Nearly seven years ago, my family spent two weeks in a Minnesota cabin for our summer vacation. We had tied our new fishing boat down at the dock, where it bobbed gently, waiting for our nightly fishing outing. When the sun started to slip beneath the horizon, Dad would toss my brother and me our life jackets as we gathered our poles and descended the drive.
My dad was always the first on the boat, with my brother running a close second. But the gap between the dock and the boat frightened me. “Come on, Jessica!” they would groan together when I hesitated. But I would just stand there, staring at the gap and blinking back tears of frustration.
After we passed a few minutes in agitated silence, I would sometimes resort to a hop-fall into my cushioned seat on the right side of the boat. But usually I stuck one toe just far enough into the boat for my dad to roll his eyes, grab my hand, and pull me in. I’ve always had trouble finding the faith to deal with the place between where I am and where I’m going. Especially when the gap is cold and full of weeds.
But sometimes the gaps in my life are spiritual. God is on one side and I’m stuck on the other.
Prayer ought to be the simplest way to bridge the gap between me and the Divine—especially for someone raised in a devout Evangelical home. If I believe Jesus is in my heart, I’ve got limitless ways to talk with him. I could cross myself and close my eyes for a few seconds, weeping or laughing at life’s absurdity. I could kneel by my bed at night or fold my hands before meals. I could start off with a “Dear Lord” or “Heavenly Father” and finish with “Amen.” I could pray in poem form, essay form, novel form. I could curse at God, say “I hate you” as I did a few months ago when I left home. I could open up The Book of Common Prayer and flip to the appropriate section to fit my needs. My Catholic friends might suggest asking Mary or a specific Saint to intercede on my behalf. My Protestant friends would just pray for me on the spot if I asked them. The Bible says the Holy Spirit groans for me when I don’t have words. On and on the list goes. I know all of this. I’m not confused about the words I should say or the posture I should take. Prayer isn’t difficult. Not really. There shouldn’t be a gap.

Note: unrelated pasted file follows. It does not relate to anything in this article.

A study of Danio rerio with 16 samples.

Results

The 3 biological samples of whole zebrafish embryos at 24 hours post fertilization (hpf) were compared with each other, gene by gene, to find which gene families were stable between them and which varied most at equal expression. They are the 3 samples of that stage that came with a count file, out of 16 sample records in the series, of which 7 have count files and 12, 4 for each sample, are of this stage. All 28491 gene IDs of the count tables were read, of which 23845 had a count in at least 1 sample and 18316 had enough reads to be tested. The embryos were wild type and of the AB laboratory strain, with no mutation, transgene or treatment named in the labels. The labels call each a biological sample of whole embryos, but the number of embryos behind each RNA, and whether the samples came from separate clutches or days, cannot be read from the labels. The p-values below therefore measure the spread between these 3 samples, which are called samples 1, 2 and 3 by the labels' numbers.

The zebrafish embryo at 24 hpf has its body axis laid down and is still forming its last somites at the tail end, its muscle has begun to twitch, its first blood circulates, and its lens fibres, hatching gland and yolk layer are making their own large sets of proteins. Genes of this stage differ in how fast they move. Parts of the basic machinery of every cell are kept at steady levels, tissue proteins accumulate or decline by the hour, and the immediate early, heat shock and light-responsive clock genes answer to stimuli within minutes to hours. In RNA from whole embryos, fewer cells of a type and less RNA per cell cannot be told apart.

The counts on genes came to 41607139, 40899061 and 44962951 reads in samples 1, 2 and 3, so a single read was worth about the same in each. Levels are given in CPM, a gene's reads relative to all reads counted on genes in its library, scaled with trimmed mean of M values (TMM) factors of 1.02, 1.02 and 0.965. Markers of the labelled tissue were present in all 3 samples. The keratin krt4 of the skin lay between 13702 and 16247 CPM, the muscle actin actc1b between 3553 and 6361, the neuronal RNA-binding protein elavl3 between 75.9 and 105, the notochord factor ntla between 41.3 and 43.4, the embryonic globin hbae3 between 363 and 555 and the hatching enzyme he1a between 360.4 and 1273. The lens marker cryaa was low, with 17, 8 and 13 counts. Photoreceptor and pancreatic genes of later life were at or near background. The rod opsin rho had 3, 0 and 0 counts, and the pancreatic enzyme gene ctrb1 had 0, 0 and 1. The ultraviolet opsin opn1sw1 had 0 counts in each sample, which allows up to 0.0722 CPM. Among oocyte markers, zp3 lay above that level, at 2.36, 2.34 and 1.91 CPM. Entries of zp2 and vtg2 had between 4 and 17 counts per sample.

When I was scared, my dad would pull the boat as close to the dock as possible until only a centimeter of emptiness was between them. But even then, I couldn’t even lift my foot off the dock. And even though the Bible says Jesus bridged the gap between me and God, I haven’t said a word to him in quite some time.
Whether we’re talking about the physical or the spiritual, my paralysis is irrational, absurd. Give me a to-do list: 1) Just start talking to God. 2) Say amen. I’ll forget how to speak. I’ll ask you what “Amen” means. I’ll make a cricket noise.
Model it for me, draw me pictures with instructions. Tag me in all those inspirational Facebook pictures about prayer. Tell me to just have a little faith. But I promise you—I’ll still just stand there on the dock, blinking and saying, “Just step in the boat?”
Or, just grab my hand and pull me in. I’ll catch on eventually.